Let’s get critical
My first serious girlfriend in high school was Cathleen and I’ll never forget my first meeting with her father. Since I was older than Cathleen and I had my driver’s license, her father took extra time to “interview” me when I picked her up for our first date.
In a carefully staged one-on-one conversation, he toured me around their country farmhouse room by room while asking me detailed questions. In almost every room of the house, he took the time to point out where he kept a firearm. It was a not-so-subtle message that certainly motivated me to bring Cathleen home on time that night. In fact, I think we were home a little early.
But who can blame any parent of a teenager from protecting their child from a bad influence?
Especially someone that could ultimately end up sitting at the family table.
In business, we often have the need to hire new team members, and our first instinct is to search for superstars. But we should take the same approach as Cathleen’s father (without the firearms) and focus on protecting the team from a bad influence. The ability to recognize a negative quality in a person is easier if you’re on the defensive.
Bad influences can be toxic
Harvard Business Review released a working study done by Dylan Minor and Michael Housman that looks at the financial impact of a bad hire compared to hiring a superstar employee. What did they find?
“Avoiding a toxic worker was worth about $12,500 in turnover costs…”
The study also revealed certain traits that were consistent among “toxic” hires, including overconfidence, self-centeredness, high productivity and rule-following. On paper, these don’t seem like the worst qualities an employee could have, but do these traits yield successful teamwork or innovation, or even exhibit emotional intelligence (EQ)?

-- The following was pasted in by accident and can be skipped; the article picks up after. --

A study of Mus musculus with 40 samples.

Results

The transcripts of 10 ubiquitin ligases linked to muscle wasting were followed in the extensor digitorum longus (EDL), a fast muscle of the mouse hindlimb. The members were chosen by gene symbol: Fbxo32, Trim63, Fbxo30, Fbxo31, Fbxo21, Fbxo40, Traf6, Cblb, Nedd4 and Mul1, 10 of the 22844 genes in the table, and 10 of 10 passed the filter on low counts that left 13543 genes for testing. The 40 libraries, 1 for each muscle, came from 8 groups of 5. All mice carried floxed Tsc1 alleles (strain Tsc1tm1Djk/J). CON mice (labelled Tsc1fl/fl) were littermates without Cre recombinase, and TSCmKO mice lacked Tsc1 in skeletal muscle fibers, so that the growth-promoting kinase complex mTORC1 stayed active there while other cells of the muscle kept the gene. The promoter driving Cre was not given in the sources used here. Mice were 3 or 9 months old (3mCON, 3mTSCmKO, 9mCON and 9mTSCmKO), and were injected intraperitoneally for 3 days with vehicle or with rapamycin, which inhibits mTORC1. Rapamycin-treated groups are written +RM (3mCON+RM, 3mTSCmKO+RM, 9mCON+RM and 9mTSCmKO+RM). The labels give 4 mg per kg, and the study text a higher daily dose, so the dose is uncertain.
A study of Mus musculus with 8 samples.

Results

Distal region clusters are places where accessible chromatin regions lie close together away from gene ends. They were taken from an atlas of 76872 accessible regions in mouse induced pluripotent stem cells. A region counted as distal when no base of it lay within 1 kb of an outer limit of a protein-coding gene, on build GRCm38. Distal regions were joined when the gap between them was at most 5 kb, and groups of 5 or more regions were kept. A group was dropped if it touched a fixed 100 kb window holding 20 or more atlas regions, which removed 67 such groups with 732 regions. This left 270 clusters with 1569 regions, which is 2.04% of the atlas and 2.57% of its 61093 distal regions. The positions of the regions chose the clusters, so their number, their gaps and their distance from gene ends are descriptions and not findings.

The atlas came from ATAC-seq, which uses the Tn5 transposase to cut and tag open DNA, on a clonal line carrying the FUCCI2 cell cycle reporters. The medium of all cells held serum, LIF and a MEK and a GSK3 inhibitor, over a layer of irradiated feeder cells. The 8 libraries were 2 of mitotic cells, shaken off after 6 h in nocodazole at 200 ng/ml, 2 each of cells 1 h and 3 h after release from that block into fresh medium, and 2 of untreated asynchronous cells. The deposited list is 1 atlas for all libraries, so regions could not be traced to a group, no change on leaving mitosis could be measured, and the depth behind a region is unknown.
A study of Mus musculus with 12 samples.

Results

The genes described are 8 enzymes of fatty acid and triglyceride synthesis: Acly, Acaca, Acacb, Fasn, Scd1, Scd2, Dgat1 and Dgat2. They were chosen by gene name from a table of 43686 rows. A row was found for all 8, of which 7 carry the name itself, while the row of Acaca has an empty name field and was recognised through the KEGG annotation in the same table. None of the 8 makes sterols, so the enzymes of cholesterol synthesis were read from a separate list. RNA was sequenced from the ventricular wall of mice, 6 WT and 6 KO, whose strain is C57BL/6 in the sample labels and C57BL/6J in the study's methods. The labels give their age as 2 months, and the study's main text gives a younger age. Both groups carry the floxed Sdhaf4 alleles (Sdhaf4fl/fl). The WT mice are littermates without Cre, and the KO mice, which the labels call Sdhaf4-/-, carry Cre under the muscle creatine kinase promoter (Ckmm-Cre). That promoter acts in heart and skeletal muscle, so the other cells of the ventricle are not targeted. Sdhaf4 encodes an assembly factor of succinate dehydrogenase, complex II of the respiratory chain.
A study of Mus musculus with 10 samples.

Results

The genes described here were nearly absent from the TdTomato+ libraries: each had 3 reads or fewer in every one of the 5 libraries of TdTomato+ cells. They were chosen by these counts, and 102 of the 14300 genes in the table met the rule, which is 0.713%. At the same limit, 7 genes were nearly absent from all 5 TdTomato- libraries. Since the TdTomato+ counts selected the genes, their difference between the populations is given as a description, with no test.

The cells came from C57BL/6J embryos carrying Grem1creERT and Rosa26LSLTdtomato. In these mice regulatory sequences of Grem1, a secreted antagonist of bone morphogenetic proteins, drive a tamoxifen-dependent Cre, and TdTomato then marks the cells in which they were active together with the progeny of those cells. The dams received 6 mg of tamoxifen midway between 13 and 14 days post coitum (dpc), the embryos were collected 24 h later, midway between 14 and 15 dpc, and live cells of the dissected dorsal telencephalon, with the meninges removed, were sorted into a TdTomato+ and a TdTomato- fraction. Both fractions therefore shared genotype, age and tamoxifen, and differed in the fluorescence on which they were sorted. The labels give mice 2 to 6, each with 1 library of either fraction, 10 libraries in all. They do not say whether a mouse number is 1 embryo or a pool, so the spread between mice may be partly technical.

Just as parents encourage their children to avoid relationships with “bad influences,” businesses need to keep a safe distance from employees that exhibit toxic tendencies!
Don’t go on paper alone
Pat Lencioni, best known for “The Five Dysfunctions of a Team,” was a keynote speaker at Fortune Magazine’s Growth Summit this past October, where he discussed his new book, “The Ideal Team Player: How to Recognize and Cultivate the Three Essential Virtues.”
His suggestions for hiring are to identify if a person is humble, hungry and smart.
Words that do not directly refer to output, technical skills or productivity but instead refer to personal skills, likeability and emotional maturity. He explained that possessing all three qualities is essential, and when someone only displays one or two of those qualities, it can be detrimental to the workplace environment.
Example: A parent doesn’t care if a child’s girlfriend/boyfriend plays golf – but if it turns out that he/she golfs in charity tournaments or coaches kids at the YMCA on weekends, parents see beyond the activity and recognize qualities like community, ability to work with people and concern for others.
Look out for bragging
If someone constantly brags about participation in charity, look out — it could be a big red flag. Pat Lencioni refers to this behavioral pattern as a “skillful politician.” He considers this the most dangerous type of team member because this person can fake humility and work the system.
Not a team member that you want at the annual holiday party, much less working with your team every day.
In business, we can get caught up with the measurable or technical skills on a résumé or in an interview. But it’s how these skills are cultivated and utilized that give the bigger picture – even further, how will they fit in with the team.
Hiring the best
As Pat Lencioni said, “Hire for culture first.” Within most companies there is likely a strong group of people who already work well together. Management’s job is to make sure all new employees fit within the existing culture.
Don’t let a toxic employee bring down the entire team.